The SanDisk story is fascinating. One of three company founders, Dr. Eli Harari, is the father of flash. His work at Toshiba with Floating Gate EEPROM was dubbed 'Flash' because it was able to write data in a flash. After leaving Toshiba to start SunDisk with Sanjay Mehrotra (former Intel) and Jack Yuan (former Hughes Electronics), the three set out to develop non-volatile memory for digital cameras. Later renamed to SanDisk, the company is now involved in much more than the flash cards we associate with the SanDisk name.
SSD shipments grew 22% between 4Q 2012 and 1Q 2013 and in that time SanDisk moved into the number two spot by number of units shipped. Positioned just behind Samsung (31.3%), SanDisk's market share was 16.8% - not bad for a company that flew under our radar until the performance class Extreme SSD hit our labs in early 2012.
Today the company releases the follow up to the Extreme SSD, the Extreme II. More of a revolutionary than evolutionary part, Extreme II uses a new controller architecture and the most advanced NAND flash on the market today.
Rather than trying to lump all of this information into the three capacity size reviews of Extreme II today, let's cover the new architecture in this article and then look at the reviews of the three capacity sizes in review form throughout the day. That way we can keep each review to a coffee break size and still compare each capacity size to equal sized products.
Marvell 88SS9187 Controller
This isn't the first time we've ran across the Marvell 88SS9187 controller. First introduced in the Plextor M5 Pro and later revised in the M5 Pro Xtreme with a firmware update, the 9187 when paired with 128GB of MLC NAND produces the highest performance results in that capacity size.
Just having the hardware isn't enough these days, Marvell hands over the hardware and a few guides, but in order to get real performance out of the 9187 controller, you have to write quality firmware. Instead of hiring LiteON or MemoRight, SanDisk tackled the task on their own and delivered one of the best initial firmware releases for Marvell hardware we're tested to date.
Using a Marvell controller also means backing the controller with DRAM to cache table data. Two of our capacity size Extreme II SSD's used Samsung DRAM and the other used Hynix DRAM. The DRAM capacity scales up to 4GB and all three spec sheets we found showed DDR3 with 1.5v requirements.
In the Features List above, we can see a set of standards the new Extreme II conforms to. Most of the Feature List is about the DRAM and flash, though.
SanDisk 19nm MLC Toggle with nCache - The Secret Weapon
We've also run across SanDisk's 19nm Toggle Mode flash before as well and not just in SanDisk branded SSD's. The 19nm flash used in Extreme II is the same flash we found in SanDisk's Ultra Plus. The flash is truly special as we found in Ultra Plus, a 4-channel SSD designed for mainstream performance. We rarely see 4-channel designs outside of the mSATA standard. The last popular 4-channel 2.5" SSD that I recall was the original Indilinx Barefoot. For SanDisk to make a 2.5" SSD that manages to outperform products like the Samsung 840 and even give LSI SandForce drives a run for the money, something has to be special.
What's special is the NAND flash and the All Bit Line (ABL) is paired with the Marvell controller in Extreme II. ABL works like double data rate (DDR) effectively, but that isn't the only thing special about Extreme II's flash.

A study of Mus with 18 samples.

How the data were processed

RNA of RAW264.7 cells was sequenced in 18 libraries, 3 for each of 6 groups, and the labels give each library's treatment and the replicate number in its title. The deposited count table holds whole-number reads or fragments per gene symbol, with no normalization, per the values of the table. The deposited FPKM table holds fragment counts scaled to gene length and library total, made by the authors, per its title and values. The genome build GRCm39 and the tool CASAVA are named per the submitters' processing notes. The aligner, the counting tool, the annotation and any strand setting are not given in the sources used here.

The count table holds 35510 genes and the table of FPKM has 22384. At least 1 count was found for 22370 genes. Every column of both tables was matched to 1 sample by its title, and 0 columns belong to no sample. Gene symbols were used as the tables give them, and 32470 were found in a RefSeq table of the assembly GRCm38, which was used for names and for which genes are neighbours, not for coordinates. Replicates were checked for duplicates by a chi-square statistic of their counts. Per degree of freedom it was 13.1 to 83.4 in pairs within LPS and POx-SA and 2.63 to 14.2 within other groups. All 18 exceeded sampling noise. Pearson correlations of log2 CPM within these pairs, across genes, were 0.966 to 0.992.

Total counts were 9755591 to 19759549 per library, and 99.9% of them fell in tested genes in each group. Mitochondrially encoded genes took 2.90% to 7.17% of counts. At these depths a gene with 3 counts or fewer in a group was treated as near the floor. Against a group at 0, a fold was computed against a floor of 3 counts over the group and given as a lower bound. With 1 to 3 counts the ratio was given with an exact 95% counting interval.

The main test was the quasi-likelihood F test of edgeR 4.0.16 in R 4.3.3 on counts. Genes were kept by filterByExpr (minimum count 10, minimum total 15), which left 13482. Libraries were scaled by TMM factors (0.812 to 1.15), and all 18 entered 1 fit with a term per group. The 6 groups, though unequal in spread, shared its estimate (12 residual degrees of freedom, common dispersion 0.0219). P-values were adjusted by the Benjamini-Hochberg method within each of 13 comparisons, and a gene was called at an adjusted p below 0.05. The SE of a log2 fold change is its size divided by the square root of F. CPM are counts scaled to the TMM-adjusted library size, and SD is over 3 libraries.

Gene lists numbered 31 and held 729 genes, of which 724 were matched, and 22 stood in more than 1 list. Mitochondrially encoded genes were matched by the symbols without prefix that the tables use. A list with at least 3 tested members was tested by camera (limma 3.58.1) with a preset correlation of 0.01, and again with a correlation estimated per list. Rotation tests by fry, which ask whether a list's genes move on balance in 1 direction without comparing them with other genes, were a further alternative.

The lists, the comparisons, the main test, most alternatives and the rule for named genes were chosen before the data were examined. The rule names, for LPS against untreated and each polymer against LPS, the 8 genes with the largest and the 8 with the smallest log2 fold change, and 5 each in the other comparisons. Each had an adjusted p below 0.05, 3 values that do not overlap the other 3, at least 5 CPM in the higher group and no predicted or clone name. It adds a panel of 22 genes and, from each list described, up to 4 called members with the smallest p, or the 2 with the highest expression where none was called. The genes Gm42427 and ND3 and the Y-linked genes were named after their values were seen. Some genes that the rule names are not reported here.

nCache returns, another carry over from Ultra Plus. nCache is a layer of MLC flash that works in SLC mode. MLC or 2-bits per cell flash can be controlled by the controller to store just one bit, like SLC and use that faster programming to cache NAND flash writes. Since it's still NAND, it's non-volatile, meaning once the flash has your data, it's not susceptible to loss with a power failure.
Over the last few months we've spent a lot of time with both 19nm and 20nm flash. The 19nm Toshiba / SanDisk flash performs much closer to 24nm, than 20nm IMFT does 25nm. So far, the only 20nm product we've really liked was the Crucial M500 960GB. The other 20nm drives are simply slower than their 25nm versions, and the write latency is significantly higher.
This is how SanDisk explains the DRAM / Flash relationship:
The SanDisk Extreme II SSD supports a unique feature to improve random write performance and ensure very positive user experience. Studies show that modern operating systems mostly access the storage device using small access blocks, with the majority being 4 KB access blocks. The small logical access blocks conflict with the physical block structure (>1 MB) for the newer generation flash memory technology. Therefore, to bridge this difference, SanDisk SSD employs three storage layers:
Volatile cache - DDR DRAM cache
nCache - A non-volatile flash write cache
Mass storage - MLC NAND flash
The nCache is used to accumulate small writes (called segments) at high speed and then flush and consolidate them to larger MLC sections of the NAND Flash memory array.
SanDisk's technology innovations like ABL and nCache allow SanDisk to push forward with performance and not move in the wrong direction like we're finding in many of the new products on the market.
Throughout today, we're publishing three reviews of the SanDisk Extreme II SSD's. All three capacity sizes get apples to apples attention with comparable products of equal size and comparable price points.
Now that we have the architecture out of the way we can streamline the actual reviews and you won't need to read the same technical details over and over. Let's get started with the first review - we're starting with the SanDisk Extreme II 120GB. Find the review on our homepage or storage section archive.